After six years of working with a federal Receiver to rebuild the state’s prison health- care system, the California Department of Corrections and Rehabilitation (CDCR) is now reclaiming responsibility for health-care access and building and running new facilities.
“Our department has worked closely with the Receiver’s Office to bring prison medical care into compliance with the U.S. Constitution, and we are ready to assume full management and control of prison health care in the months to come,” said CDCR Secretary Matthew Cate. “Today’s agreements are an important step toward ending the costly class-action lawsuit that led to federal control of prison health care.”
Today’s agreements return two important health care responsibilities to CDCR. First, the department will now run the health-care access units that ensure care is available to inmates.
Second, CDCR will also run all new and remodeled health-care facilities, including the new center in Stockton. The next step is for CDCR and the Receiver to continue working to delegate the remaining health-care functions back to the state including the provision of care.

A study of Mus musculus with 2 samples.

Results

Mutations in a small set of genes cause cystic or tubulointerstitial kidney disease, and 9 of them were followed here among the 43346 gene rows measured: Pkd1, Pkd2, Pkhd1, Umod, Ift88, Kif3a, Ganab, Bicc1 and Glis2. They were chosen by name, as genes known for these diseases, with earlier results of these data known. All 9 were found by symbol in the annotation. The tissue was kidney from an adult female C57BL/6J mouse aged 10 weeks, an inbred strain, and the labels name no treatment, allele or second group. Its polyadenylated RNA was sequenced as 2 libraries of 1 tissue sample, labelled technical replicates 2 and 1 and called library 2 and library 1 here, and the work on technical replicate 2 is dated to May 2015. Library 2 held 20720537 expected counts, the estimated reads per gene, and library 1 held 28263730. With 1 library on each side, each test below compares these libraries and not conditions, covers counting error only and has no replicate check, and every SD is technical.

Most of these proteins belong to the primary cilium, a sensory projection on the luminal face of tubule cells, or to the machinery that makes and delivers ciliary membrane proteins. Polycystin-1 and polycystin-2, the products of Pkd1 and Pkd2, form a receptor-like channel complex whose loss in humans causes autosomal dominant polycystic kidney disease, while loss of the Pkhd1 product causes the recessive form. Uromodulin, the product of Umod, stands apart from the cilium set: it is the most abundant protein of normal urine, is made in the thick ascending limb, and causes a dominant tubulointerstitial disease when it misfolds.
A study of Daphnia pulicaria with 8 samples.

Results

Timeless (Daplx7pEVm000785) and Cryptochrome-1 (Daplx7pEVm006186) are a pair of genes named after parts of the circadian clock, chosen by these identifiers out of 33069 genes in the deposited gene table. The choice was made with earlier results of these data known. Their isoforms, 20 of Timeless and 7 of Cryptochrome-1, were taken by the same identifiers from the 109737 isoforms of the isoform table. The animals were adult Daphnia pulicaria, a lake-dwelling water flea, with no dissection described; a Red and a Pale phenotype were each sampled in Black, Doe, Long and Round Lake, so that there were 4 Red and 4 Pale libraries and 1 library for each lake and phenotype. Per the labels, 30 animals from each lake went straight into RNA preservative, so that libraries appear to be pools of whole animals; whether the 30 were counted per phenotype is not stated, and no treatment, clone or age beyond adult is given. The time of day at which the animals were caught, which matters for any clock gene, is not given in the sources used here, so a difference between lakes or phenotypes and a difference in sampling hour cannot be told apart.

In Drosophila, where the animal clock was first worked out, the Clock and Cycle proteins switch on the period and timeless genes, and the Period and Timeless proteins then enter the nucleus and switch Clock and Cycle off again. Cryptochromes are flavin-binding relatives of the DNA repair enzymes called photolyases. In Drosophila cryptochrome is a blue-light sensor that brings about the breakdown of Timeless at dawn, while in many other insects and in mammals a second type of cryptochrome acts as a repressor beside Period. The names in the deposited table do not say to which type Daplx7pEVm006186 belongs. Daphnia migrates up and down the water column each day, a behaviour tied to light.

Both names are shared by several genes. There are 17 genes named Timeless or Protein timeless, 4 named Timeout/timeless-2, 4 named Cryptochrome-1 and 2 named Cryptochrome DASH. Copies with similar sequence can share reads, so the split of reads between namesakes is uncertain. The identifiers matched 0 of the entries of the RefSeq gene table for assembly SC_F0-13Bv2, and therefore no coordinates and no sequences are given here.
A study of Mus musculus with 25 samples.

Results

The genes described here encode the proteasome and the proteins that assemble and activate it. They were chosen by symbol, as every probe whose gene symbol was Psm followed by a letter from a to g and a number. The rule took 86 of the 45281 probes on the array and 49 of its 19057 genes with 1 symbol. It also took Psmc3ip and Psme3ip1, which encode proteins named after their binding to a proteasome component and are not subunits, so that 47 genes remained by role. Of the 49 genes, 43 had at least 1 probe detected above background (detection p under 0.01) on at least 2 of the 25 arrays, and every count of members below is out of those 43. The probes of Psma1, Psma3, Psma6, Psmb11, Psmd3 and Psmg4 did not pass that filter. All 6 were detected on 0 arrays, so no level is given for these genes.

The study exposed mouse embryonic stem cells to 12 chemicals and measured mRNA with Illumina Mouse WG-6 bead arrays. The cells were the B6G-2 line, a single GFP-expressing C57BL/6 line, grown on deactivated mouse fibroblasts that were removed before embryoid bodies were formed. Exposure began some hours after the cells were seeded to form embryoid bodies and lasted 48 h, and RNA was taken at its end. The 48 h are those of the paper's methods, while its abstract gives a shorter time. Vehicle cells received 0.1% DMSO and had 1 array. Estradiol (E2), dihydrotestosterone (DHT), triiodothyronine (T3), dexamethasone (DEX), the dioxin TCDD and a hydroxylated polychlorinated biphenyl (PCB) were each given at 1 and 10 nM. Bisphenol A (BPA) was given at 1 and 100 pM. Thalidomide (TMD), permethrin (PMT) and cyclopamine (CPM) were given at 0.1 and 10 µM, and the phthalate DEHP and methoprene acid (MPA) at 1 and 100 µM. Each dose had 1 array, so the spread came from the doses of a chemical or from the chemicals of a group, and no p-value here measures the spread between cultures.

California’s prison health-care system has continued to improve in recent years.
Some of these improvements include: redesigned primary care at all 33 adult institutions, gains in the number and quality of health-care staff, new quality control procedures, and better use of technology including electronic health records. California has also launched multiple construction and renovation projects including a new, 1,722-bed facility in Stockton.
A string of class-action lawsuits dating back to 1990 resulted in varying levels of federal oversight of health care in California prisons. In 2006, Judge Thelton E. Henderson appointed a federal Receiver with full authority over prison medical care. Since then California has made significant improvements. In August 2012, an ongoing class-action lawsuit over dental care, Perez v. Cate, was dismissed by the federal court. In September 2012, the court ordered a process to end the federal receivership and return management and day-to-day control over medical services to the State.